THE ORDER DERMOPTERA
Dermoptera – Skin Winged Mammals (2 Species)
Only two living species, in a single genus, compose the entire order of flying lemurs. One species is found in the Philippines; the other from southeast Asia to Java and Borneo. Their scientific name, Dermoptera, means “skin-winged.” They do not have true wings but have the most complete gliding membrane: a furred skin extending from behind the ears outward to the digits, embracing the tail, stretching along the sides and base of the body. This membrane enables flying lemurs to glide up to 150 yards (one and one-half football fields long). They are among the largest of all gliding mammals.
Flying lemurs, or colugos, most probably evolved from ancient insectivores. Indeed, because of their apparent close relationship, colugos were once placed in the order Insectivora. They have also been classified as bats, but could also possibly be an offshoot of the primate family like their lemur namesakes. They are about the size of a domestic cat, and their large eyes and pointed face lend them a certain resemblance to lemurs.
So highly specialized are colugos to their life in the treetops (they have long, curved, sharp claws on hands and feet) that they are clumsy crawlers on the ground. At dusk, they emerge from their daytime retreat in a tree hollow to glide from tree to tree until they reach favored foraging areas, where they feed upon leaves, flowers, and fruit.
Newborn flying lemurs are relatively undeveloped and, until weaned, are carried clinging to the belly of the mother, who can also fold the gliding membrane near the tail into a soft, warm pouch for this purpose. (See the picture above of the baby colugo sticking its head out from the pouch.)
Malayan flying lemur, colugo
- Class: Animals with Milk Glands (Mammalia)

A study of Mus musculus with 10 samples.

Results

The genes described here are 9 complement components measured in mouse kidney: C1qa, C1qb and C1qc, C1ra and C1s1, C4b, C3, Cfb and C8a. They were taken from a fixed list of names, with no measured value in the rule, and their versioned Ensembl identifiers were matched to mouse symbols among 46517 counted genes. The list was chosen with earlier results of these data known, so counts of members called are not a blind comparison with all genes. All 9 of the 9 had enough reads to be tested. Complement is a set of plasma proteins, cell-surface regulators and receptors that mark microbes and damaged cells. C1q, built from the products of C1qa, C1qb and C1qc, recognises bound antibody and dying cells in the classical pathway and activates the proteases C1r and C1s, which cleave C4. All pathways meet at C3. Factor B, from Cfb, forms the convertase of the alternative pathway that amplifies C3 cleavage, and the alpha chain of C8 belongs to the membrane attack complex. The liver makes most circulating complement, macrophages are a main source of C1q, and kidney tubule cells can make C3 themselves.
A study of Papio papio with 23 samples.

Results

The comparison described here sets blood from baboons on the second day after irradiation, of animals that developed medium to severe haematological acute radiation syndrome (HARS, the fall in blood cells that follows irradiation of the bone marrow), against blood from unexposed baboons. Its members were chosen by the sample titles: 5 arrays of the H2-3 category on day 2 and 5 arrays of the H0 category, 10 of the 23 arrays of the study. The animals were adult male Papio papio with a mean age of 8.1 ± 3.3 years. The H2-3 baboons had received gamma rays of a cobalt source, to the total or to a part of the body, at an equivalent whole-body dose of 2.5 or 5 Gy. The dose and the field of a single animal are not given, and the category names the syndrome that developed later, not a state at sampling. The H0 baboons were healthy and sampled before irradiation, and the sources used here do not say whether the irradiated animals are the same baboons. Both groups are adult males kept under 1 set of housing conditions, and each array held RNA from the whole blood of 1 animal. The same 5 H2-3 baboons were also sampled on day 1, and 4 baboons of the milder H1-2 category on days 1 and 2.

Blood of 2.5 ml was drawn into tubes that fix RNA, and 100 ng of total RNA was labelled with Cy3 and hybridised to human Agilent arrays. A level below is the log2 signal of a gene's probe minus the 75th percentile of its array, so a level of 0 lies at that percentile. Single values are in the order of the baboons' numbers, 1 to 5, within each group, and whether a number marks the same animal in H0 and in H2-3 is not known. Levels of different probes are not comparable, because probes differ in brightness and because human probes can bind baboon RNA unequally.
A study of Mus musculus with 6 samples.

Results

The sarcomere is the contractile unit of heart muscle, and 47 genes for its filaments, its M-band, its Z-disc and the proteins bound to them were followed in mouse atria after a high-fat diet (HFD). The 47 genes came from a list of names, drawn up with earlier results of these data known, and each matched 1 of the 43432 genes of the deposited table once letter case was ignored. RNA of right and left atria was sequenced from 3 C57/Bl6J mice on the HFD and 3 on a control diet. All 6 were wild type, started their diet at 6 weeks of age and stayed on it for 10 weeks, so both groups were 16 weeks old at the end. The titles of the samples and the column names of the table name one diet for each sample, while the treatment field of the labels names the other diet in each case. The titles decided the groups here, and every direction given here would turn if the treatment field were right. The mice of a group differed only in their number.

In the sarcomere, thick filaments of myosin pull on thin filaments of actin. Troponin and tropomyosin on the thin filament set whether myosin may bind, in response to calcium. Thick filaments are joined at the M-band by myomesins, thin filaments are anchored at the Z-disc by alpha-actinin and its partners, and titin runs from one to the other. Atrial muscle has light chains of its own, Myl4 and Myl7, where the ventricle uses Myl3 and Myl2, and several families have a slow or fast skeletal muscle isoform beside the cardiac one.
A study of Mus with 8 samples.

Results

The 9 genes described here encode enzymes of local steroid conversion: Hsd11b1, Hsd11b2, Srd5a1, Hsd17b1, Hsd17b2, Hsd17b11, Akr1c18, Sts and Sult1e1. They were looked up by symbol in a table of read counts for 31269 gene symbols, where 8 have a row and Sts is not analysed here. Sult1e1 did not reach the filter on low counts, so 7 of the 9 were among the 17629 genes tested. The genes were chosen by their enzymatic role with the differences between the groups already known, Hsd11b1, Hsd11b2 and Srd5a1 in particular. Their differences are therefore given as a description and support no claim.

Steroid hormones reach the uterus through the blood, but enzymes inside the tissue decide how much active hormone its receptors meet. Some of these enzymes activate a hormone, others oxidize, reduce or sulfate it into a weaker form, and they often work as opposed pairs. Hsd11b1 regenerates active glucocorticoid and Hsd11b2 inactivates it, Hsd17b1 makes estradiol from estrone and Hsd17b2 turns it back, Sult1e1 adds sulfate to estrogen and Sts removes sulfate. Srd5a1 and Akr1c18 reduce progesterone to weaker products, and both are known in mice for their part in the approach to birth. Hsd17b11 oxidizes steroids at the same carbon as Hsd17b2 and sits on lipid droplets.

- Subclass: True Mammals (Eutheria)
- Order: Skin Wing (Dermoptera)
- Family: Cynocephalidae.
The Name “Colugo”: “Colugo” is the original Malaysian word for the animal. Although it is also called a “Malayan flying lemur,” it is not a lemur and it does not fly – but it is found in Malaysia. It belongs to its own order, called Dermoptera (Latin for “skin-wing”), and it merely glides on the wind currents rather than flying like a bat or a bird.
Location: Southeast Asia.
Habitat: Arboreal in tropical forests and woodlands.
Description: The colugo is about house-cat-sized. It has a flat body with a flowing membrane of skin stretched from its neck out to the fingers, and then down along the sides of the body to the toes and the tip of the tail. It has large eyes, long limbs, and its feet have sharp, curved claws for grasping trees after gliding. Although it is called a “Malayan flying lemur,” it is not a lemur and it does not fly, but it is found in Malaysia. It belongs to its own order, called Dermoptera (Latin for skin-wing), and it merely glides on the wind currents rather than flying like a bat or a bird. Its fur is gray or brown with white spots along the back. Its head and body length is 13 to 15 in, and it weighs between 2 and 3 lbs.
Behavior: The colugo is strictly arboreal and well-camouflaged in the trees. It nests in hollow trees or among palm fronds, usually emerging at night, although it can also be active during the day. Its flight from tree to tree may last 200 feet or more, with its limbs outstretched so that the skin membrane catches the wind. It is fairly awkward climbing around the trees, pulling itself up with both arms at once, followed by both legs. Colugos eat leaves, shoots, and fruit.
Reproduction: A single offspring is born after a 60 day gestation period. Females can become pregnant while still nursing their young. The baby is carried on the mother’s abdomen in a hammock fashion, protected from falling out by the mother’s copious skin membrane. (See the photo.)
Note: The only other member of this tiny order is a species of the same genus that inhabits the Philippines.